Nurses death: Aus radio station assures cooperation in probe

London: The owners of the Australian radio station that carried out the prank call which apparently led to an Indian-origin nurse's suicide have assured the King Edward VII's Hospital that the company will cooperate with it in any investigation into the matter.

According to a BBC report, the board of Southern Cross Austereo, which owns the radio station 2DayFM, met yesterday to discuss a highly critical letter from the hospital which was the victim of the prank call.

Its chairman Max Moore-Wilton, in a letter to the chairman of King Edward VII's Hospital, assured that the company will cooperate with any investigation.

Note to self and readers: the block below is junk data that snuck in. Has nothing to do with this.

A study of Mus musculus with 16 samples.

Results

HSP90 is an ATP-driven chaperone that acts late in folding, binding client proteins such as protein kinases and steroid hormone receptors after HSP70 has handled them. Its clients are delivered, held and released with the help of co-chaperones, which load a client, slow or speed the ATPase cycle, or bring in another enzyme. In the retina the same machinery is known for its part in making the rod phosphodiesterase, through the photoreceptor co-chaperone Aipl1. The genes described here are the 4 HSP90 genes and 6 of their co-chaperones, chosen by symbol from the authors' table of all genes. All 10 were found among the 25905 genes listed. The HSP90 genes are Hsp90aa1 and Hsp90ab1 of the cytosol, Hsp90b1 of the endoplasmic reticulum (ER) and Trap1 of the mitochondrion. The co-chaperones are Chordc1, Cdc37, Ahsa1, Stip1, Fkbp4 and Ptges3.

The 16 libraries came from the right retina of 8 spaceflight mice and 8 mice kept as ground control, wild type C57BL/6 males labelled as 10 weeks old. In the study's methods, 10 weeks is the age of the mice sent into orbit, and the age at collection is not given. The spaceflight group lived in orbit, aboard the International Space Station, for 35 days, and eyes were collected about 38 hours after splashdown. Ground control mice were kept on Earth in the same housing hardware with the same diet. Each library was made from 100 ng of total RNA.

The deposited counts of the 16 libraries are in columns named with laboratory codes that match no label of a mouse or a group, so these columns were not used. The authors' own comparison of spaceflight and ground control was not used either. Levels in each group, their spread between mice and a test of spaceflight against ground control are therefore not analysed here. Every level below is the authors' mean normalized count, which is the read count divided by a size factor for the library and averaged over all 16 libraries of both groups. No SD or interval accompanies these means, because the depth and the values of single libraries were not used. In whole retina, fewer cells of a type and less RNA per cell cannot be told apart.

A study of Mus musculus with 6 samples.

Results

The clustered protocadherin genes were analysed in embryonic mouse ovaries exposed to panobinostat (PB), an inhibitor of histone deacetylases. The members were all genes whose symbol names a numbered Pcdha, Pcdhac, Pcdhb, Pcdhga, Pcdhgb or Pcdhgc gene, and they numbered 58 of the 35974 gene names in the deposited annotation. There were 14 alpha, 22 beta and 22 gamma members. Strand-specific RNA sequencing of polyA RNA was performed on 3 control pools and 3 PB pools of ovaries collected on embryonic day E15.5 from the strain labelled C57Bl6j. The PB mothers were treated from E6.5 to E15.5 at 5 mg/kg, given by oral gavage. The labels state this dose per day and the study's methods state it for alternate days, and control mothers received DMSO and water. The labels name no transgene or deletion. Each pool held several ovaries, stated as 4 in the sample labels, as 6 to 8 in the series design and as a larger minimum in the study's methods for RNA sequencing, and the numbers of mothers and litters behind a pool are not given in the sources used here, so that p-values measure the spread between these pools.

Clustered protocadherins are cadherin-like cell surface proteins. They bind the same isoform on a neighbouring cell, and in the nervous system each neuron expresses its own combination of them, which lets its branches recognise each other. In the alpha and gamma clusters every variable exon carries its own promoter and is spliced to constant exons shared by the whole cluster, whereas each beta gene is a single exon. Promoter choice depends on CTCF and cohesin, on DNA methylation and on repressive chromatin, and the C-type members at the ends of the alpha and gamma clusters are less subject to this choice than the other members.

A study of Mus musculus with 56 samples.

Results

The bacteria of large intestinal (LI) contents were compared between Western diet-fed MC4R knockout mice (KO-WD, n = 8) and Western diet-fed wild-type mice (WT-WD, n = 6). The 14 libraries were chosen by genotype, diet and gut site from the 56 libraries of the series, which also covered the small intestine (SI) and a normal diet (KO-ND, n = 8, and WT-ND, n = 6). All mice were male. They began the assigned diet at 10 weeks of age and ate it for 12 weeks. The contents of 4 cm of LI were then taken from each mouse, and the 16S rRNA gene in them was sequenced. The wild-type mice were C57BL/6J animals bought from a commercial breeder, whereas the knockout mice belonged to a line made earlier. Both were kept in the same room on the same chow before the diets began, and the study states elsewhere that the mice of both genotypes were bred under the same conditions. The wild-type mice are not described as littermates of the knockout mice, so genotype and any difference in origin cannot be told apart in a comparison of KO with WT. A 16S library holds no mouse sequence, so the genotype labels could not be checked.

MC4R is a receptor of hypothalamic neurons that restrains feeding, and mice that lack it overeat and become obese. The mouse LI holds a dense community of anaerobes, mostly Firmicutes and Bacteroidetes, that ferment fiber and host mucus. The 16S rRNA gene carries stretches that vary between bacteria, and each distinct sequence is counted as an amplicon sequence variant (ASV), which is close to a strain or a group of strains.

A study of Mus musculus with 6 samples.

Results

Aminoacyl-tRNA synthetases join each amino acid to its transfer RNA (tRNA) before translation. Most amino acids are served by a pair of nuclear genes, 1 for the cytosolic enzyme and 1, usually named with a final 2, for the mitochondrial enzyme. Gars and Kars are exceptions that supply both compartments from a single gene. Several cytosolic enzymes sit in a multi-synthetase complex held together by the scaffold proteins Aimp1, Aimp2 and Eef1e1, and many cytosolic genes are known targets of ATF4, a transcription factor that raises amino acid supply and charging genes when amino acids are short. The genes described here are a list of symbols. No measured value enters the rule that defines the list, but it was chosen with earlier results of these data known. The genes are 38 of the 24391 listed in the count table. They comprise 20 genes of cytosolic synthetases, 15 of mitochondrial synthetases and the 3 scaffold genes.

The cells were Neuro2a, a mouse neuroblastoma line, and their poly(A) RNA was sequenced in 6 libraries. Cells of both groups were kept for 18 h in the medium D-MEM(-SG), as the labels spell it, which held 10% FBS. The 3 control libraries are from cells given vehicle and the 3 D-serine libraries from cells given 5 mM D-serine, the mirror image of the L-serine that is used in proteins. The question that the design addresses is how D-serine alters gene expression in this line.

"We are all saddened by the events of last few days. They are truly tragic. It is too early to know full details leading to this tragic event and we are anxious to review the results of any investigation that may be made available to us or made public. We can assure you that we will fully cooperate with all investigations," the letter said.

Max also assured of taking immediate action and reviewing the broadcast processes involved.

Indian-origin nurse Jacintha Saldanha was found dead three days after putting through a call that gathered details of the pregnant Kate, Duchess of Cambridge's condition.

Her unconscious body was found last Friday morning at the staff accommodation close to the hospital.

An inquest into Saldanha's apparent suicide is due to be opened in the next few days.

There has been a strong reaction in the UK and Australia towards the broadcasters Mel Greig and Michael Christian, who had made the hoax call.

Both have been taken off air and are receiving counselling.